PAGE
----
AT&T says that it is further along in its drive to virtualize its network than it thought it would be at this point.
Chief Financial Officer John Stephens told analysts during its fourth quarter call that 34 percent of the AT&T network was virtualized as of the end of last year, a significant increase from the end of 2015, when only 5.7 percent had attained that status. Stephens said that the carrier is on pace to be 75 percent virtualized by the end of the year, according to the report at RCR Wireless.https://o1.qnsr.com/log/p.gif?;n=203;c=204663295;s=11915;x=7936;f=201904081034270;u=j;z=TIMESTAMP;a=20410779;e=i
The story said that AT&T’s conversations with analysts were “a bit light” on 5G trial details, another major concern of AT&T and other carriers. The company claimed to be active despite not releasing too much information:
Chairman and CEO Randall Stephenson did highlight the company’s ongoing investment in spectrum and infrastructure to support its current LTE-based operations, claiming the carrier has invested $27 billion in spectrum over the past five years and was currently working to integrate 40 megahertz of new capacity into its operations.
Is It Quantum? Well, Yes and No
D-Wave Systems, which claims to have the only quantum computer on the market, has introduced the 2000Q.
The 2000Q offers that number of qubits, the replacements of the ones and zeros of traditional computing. Through a process that essentially nobody understands, qubits can represent both at once and, thereby, can compute at speeds unattainable by today’s systems.
The 2000Q is being tested by Lockheed Martin, Google and NASA and has been bought by Temporal Defense Systems, a cybersecurity firm. The Computerworld article goes in depth about an argument among engineers about whether the D-Wave System really is a quantum computer or just a step in the evolution toward that goal. There is nothing fuzzy or quantum about the price tag of the 2000Q, however: The system costs $15 million.
SIP Forum Updates SIPconnect
The SIP Forum has approved the second version of its SIPconnect Technical Recommendation, according to the organization.
The Session Initiation Protocol (SIP) is a set of signaling protocols for multimedia widely used on Internet Protocol (IP) networks. The forum’s SIPconnect Task Group updated version 1.1, which was developed in 2011.
Version 2, according to the press release, increases and standardizes guidelines for seamless, end-to-end interoperability between SIP-enabled IP-PBXes and service provider networks. The new version extends Version 1.0 and 1.1 to security, emergency calling location, early media and IPv6.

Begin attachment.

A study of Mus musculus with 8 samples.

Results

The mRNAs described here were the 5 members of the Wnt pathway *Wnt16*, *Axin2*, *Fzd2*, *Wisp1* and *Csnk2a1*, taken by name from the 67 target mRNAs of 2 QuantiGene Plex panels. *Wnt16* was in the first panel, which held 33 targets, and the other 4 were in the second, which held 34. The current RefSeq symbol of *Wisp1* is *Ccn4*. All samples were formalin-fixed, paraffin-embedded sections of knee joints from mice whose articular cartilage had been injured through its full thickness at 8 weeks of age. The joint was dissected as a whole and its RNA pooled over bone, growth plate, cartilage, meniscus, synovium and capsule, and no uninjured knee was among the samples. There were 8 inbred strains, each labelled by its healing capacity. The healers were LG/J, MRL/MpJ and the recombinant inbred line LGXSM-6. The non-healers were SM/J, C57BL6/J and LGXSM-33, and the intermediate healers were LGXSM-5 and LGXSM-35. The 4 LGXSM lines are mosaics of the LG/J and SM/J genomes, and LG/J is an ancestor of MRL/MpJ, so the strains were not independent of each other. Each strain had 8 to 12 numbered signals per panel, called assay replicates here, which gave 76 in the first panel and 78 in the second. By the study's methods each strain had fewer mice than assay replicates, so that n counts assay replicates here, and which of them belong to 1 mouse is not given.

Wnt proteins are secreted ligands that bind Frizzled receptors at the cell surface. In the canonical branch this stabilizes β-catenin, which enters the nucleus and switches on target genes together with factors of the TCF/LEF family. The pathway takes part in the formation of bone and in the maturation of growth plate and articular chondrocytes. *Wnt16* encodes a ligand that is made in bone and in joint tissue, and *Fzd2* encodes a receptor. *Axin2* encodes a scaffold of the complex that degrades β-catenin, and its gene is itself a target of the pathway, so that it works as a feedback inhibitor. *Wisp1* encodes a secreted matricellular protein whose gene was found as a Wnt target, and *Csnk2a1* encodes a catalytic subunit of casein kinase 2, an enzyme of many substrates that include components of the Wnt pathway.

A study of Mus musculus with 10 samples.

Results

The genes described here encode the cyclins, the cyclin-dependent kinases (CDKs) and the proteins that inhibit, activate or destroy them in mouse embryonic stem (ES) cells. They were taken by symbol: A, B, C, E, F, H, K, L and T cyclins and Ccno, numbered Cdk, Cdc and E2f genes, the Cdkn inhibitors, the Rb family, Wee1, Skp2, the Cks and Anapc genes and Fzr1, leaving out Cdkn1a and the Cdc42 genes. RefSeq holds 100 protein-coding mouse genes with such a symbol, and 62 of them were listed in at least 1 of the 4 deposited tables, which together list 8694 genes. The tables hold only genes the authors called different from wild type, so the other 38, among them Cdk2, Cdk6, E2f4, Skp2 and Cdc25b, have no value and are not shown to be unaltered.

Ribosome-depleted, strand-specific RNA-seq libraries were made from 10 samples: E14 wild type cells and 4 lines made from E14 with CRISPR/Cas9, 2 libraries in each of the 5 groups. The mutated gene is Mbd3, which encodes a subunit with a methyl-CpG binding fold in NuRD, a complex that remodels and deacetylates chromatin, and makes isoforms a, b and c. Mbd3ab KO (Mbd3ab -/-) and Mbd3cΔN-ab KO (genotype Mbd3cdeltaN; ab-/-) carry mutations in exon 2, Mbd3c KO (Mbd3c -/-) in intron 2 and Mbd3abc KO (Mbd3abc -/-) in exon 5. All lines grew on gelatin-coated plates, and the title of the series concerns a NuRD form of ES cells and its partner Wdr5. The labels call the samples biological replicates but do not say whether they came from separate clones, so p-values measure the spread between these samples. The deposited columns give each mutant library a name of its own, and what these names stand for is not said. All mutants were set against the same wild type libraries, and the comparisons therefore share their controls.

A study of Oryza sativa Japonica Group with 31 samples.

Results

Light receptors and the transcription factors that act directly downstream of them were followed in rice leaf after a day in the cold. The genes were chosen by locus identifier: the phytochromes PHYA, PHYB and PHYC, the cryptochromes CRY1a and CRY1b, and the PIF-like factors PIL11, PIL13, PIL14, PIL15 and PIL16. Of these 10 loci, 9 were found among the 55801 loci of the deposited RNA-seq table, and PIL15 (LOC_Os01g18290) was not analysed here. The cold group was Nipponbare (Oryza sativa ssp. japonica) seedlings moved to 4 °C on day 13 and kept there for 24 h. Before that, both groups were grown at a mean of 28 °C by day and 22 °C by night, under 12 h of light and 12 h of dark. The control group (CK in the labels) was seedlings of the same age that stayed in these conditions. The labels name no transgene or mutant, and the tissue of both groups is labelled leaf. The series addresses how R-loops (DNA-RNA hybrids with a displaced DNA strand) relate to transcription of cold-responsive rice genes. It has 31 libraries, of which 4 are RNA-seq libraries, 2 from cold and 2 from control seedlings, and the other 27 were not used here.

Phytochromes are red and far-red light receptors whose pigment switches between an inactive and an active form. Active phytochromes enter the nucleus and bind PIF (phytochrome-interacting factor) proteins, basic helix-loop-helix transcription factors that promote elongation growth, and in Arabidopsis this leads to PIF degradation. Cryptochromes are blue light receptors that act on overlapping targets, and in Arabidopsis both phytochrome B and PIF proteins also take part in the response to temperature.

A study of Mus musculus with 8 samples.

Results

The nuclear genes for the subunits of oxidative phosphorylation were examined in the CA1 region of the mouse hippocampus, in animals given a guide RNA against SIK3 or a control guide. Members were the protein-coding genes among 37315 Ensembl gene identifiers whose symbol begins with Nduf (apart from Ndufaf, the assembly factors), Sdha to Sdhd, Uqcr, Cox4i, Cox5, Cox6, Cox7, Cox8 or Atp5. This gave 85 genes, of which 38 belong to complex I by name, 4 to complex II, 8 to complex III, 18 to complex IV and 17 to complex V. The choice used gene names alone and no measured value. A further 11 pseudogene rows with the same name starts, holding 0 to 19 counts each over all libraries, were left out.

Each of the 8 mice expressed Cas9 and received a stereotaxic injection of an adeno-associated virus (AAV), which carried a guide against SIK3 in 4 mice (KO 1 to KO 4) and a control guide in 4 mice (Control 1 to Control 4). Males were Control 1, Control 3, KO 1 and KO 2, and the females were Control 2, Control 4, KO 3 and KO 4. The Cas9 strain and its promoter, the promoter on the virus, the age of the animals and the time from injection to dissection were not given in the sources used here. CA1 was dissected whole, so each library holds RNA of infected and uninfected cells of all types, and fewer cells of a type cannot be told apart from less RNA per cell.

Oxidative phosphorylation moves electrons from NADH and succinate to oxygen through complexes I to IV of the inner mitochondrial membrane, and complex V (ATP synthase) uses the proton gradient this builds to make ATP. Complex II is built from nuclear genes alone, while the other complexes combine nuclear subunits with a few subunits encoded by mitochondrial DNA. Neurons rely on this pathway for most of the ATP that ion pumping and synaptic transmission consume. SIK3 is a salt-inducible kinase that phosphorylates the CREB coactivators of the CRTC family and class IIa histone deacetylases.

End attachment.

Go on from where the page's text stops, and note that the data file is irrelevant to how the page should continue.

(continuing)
More simply, the new version strengthens elements that are already in place and brings SIP up to date on developments of the past half-decade.
Comcast Closing in on Cellular Service
The cable industry has long tried to compensate for its lack of a meaningful wireless service offering. Those days may be coming to an end: Comcast is closing in on entering the wireless business, an intention it initially made public in the fall. The move will make a big splash, even in the fractious wireless sector:
Comcast Chief Executive Officer Brian Roberts said Thursday his company’s planned wireless service will support the most popular smartphones. That makes it likely that Comcast subscribers will be able to make calls and surf the web using an iPhone or a Samsung Galaxy, a perk that would give the largest U.S. cable company an advantage over other newer entrants in the wireless market.
The Bloomberg story mentioned the landscape, which includes rumors of Verizon either merging with or acquiring Charter, another cable company. The story says that 150 Comcast employees are working on the wireless project.
Cisco Patching WebEx Vulnerability
Cisco yesterday began distributing a patch for WebEx, a key tool for many mobile workers. PCWorld says that the move was a reaction to what is considered to be a critical vulnerability.
The vulnerability focuses on the exposure of functionality if certain code is contained in a URL or iframe. It is possible that the pathway could be used to enable execution of arbitrary code, the story said. The vulnerability exists only for the Google Chrome browser.
Carl Weinschenk covers telecom for IT Business Edge. He writes about wireless technology, disaster recovery/business continuity, cellular services, the Internet of Things, machine-to-machine communications and other emerging technologies and platforms. He also covers net neutrality and related regulatory issues. Weinschenk has written about the phone companies, cable operators and related companies for decades and is senior editor of Broadband Technology Report. He can be reached at firstname.lastname@example.org and via twitter at @DailyMusicBrk.